Elephants can tell men’s voices from women’s

Herds huddle closer when they hear speech they may recognize as dangerous

THE VOICE  A study of how elephants respond to human voices broadcast from a portable speaker suggests that Amboseli National Park’s elephants can tell a lot about a person just from how he or she talks.

Courtesy of G. Shannon


In tests in Amboseli National Park in Kenya, recordings of men’s voices, or of Maasai voices versus those of another ethnic group, were especially likely to prompt a bit of defensive behavior among family groups of elephants. Animals tended to edge closer together and change their travel direction, report Karen McComb of the University of Sussex in Brighton, England, and her colleagues.

Playing recorded human voices to elephants “was a way of getting at whether they could pick up very subtle vocal cues to pick out which were the most dangerous situations, when faced with a really versatile predator,” she says.

That versatile threat, which comes in many forms, is of course humans. “Apart from lions, they’re the main predator elephants have to worry about,” McComb says. Earlier, she and her colleagues showed that older and more experienced elephant matriarchs differentiated between recorded roars of female and male lions, the latter of which pose the greater danger (SN: 4/9/11, p. 10). Elephants encounter plenty of people in the park, but for a long time, the ones most likely to kill elephants have been Maasai men. That gender and ethnicity were the most likely to trigger defensive behavior in the elephants, the researchers report March 10 in the Proceedings of the National Academy of Sciences.

Maasai herd livestock throughout the region and retain the right to bring their animals into the park for water. Elephants also travel widely, moving in and out of the park with plenty of opportunity for conflict. Until recently, an elephant killing Maasai people or their livestock often resulted in men hunting down elephants. Relations have grown more harmonious since the government has made more effort to compensate for elephant-killed livestock and to share park revenues so Maasai benefit from the elephants, McComb says. Still, she says, the elephants still remember.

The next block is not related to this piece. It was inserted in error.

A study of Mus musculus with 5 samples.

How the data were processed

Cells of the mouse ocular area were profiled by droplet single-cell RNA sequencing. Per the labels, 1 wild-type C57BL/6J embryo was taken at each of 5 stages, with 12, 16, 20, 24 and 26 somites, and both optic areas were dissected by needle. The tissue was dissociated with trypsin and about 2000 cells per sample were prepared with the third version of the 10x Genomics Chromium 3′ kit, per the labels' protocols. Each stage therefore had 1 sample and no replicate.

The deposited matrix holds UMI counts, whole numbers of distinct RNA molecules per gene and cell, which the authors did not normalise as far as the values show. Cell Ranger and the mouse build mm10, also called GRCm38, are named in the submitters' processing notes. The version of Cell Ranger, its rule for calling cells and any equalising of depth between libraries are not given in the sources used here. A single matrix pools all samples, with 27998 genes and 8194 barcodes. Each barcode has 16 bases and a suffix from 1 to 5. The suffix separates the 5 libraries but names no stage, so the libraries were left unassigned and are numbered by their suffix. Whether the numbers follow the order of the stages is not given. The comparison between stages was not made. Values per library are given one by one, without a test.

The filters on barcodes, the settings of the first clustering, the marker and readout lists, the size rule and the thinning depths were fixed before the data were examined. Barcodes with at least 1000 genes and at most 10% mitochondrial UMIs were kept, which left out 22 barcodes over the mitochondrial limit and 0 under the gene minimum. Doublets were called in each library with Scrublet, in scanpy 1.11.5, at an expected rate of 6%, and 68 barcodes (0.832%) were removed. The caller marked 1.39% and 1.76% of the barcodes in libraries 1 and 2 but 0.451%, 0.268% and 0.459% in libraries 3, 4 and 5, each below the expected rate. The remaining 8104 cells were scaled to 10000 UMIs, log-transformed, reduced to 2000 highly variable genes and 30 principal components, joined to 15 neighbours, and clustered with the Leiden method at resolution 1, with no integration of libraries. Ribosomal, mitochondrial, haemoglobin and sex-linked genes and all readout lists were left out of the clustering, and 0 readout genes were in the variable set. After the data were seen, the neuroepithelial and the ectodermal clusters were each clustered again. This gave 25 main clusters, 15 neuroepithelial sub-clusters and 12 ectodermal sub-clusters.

In contrast, the Kamba people, whose voices didn’t stir as much of a reaction from the elephants, farm on settled plots in a smaller swath of elephant territory. They clash infrequently, mostly with the occasional elephant that develops a taste for crop raiding.

To record the 35 voices for the test, researchers asked Maasai and Kamba volunteers to say in their own language, “Look, look over there. A group of elephants is coming.” Volunteers were asked to speak without urgency but rather loudly, as if to someone 20 or 30 feet away. In overall sound, the two languages differ about as much as English and Spanish do, says coauthor Graeme Shannon of Colorado State University in Fort Collins who understands neither African language.

It took two field seasons to play the recordings for 47 elephant family groups. Researchers watched for such behaviors as raising trunks to sniff, extending ears or bunching together. The team then scored the intensity of the huddling reaction. The more disturbing voices (male or Maasai) averaged above 1 on the scale (subtle reduction in diameter of the group) but did not reach 2 (interruption of activity and formation of a coordinated bunch within three minutes). The less threatening voices (female, boy or Kamba) ranked below 1.

To a person, distinguishing voices might seem trivial — just pick the deeper voice. But elephants are probably using other cues such as breathiness, McComb says. Digitally raising the pitch of recorded male voices and lowering the female ones to swap gender did not fool the elephants at all.

The idea that elephants with long experience of human contact would distinguish the voices most likely to be dangerous sounds perfectly plausible to Anne Clark of Binghamton University in New York. She studies urban crows, which can learn a lot about signs of danger or food windfalls from people. 

LOOK OVER THERE  Elephants react to hearing a recording twice of a Maasai man saying in his language, “Look, look over there. A group of elephants is coming.” The video sound is an example of what was played for the elephants but is not the exact clip these elephants heard. Courtesy of G. Shannon

Susan Milius is the life sciences writer, covering organismal biology and evolution, and has a special passion for plants, fungi and invertebrates. She studied biology and English literature.